KARACHI: As the State Bank of Pakistan (SBP) is all set to announce its monetary policy tomorrow (Tuesday), almost all major brokerage and analysts have predicted that the policy rate will remain unchanged, at 13.25pc.
In fact, all 29 research houses surveyed on policy rate expectations predicted that the SBP would maintain the status quo on the policy rate.
But some disagree, according to a recent survey by the CFA Society of Pakistan of CFA Charter holders (and not brokerage houses, as reported elsewhere). These are not house stances, but are instead individual stances, who may be associated with houses.
As many as 97pc of those surveyed believe no change will happen in the policy rate, while a small sliver (3pc) predicted that the rate will increase by 25 basis points, or even 50 basis points.
This would bring the interest rate up to 13.5pc, or 13.75pc.
Why would a hike be on the cards? According to Adnaan Sheikh, AVP Research & Development at Pakistan Kuwait Investment Company, IMF clauses categorically state that the SBP must maintain positive interest rates.
“Inflation is expected to outweigh the policy rates for the month of January. The gas price hikes, along with supply shock inflation in food prices suggest that the upside risks outweigh the downside risks,” he said.
According to Profit analysis, this rising inflation means the real interest rate (or the interest rate minus inflation) is going into negative territory. Since tackling inflation head on has proved a challenge for the government, one immediate solution to keep the IMF happy is to hike the policy rate.
According to Sheikh, “The chances of a rate hike are higher than those of a rate cut as inflation is likely to persist for the coming months. Thereby giving the SBP the chance to take preemptive action.”
Even if a rate hike seems a little far-fetched, rising inflation still has affected the status quo predictions.
For instance, the list even includes BMA Capital, the outlier in the last monetary policy announcement, that had predicted 50 basis points cut to 12.75pc. This time around, they too, have toed the status quo line of 13.25pc.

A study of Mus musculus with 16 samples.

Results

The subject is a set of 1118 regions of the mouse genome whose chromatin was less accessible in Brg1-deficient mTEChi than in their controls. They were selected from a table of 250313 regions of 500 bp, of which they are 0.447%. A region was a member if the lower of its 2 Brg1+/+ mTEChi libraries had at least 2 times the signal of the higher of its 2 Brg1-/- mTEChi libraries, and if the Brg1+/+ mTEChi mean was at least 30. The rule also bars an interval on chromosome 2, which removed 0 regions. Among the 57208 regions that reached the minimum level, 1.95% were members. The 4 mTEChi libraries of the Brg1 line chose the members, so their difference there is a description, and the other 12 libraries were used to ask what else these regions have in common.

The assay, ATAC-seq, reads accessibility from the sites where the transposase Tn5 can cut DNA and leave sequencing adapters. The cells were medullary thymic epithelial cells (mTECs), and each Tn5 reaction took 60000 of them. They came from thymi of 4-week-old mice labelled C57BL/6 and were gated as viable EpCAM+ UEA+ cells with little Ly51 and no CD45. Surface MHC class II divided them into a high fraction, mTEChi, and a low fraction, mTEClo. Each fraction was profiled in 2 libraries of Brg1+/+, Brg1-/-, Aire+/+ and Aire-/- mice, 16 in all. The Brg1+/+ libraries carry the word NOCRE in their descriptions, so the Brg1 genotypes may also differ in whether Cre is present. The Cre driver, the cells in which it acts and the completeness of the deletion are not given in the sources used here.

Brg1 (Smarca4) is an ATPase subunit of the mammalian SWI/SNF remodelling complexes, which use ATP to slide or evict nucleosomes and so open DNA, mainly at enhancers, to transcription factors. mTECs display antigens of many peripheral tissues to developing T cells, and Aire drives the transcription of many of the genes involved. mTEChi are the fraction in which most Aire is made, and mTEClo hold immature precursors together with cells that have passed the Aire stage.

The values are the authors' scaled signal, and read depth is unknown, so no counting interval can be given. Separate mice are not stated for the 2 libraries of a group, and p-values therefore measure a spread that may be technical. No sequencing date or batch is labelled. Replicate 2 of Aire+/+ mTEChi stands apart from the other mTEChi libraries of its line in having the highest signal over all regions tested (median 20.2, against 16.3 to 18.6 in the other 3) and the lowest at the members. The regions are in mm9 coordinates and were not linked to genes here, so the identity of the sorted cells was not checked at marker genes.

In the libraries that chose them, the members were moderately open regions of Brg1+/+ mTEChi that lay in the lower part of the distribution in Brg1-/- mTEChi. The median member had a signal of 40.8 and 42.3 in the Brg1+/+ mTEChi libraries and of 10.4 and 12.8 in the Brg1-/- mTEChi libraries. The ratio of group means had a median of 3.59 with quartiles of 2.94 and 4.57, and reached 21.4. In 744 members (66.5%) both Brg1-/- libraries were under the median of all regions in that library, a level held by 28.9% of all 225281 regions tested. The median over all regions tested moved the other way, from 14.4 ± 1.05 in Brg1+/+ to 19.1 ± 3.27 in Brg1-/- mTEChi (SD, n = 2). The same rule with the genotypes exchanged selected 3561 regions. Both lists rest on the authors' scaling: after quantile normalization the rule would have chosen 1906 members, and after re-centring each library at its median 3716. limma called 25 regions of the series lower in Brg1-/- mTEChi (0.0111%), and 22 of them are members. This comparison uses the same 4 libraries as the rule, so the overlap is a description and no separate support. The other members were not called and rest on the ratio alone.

According to Saad Hashmi, the Executive Director of research and business development at BMA Capital, BMA’s mainstream stance was because food inflation has been higher than expected. Though he disagrees with the idea of a rate hike, dismissing it as “going against the very directives of the central bank so far”, he added that “with inflation rising, it is difficult to expect central bank easing”.
Even the date at which a predicted cut in the policy rate has also shifted. Many analysts at the start of 2020 predicted a rate cut any time between end-January to mid-March. But now, due to rising inflation in Pakistan, that predicted date has also shifted to July or September.
In a survey conducted by the CFA Society Pakistan, almost 42pc of people surveyed believe the rate cut will happen in July, and 21pc believe the cut will happen in September. Only 18pc believe the cut will happen in May, and a paltry 8pc believe the cut will happen in March.
The SBP had last changed the policy rate on July 16, 2019, to 13.25pc, a rise of 100 basis points. At the time, it cited increased potential inflation, owing to a rise in utility costs.
The central bank kept the policy rate unchanged in its review on September 16, 2019, and also in its review on November 2, 2019.
At the start of the year 2019, the policy rate was 10pc. Subsequent policy reviews – in January, March, May and July – increased the policy rate by a total of 325 basis points.
–With Additional Reporting By Ariba Shahid.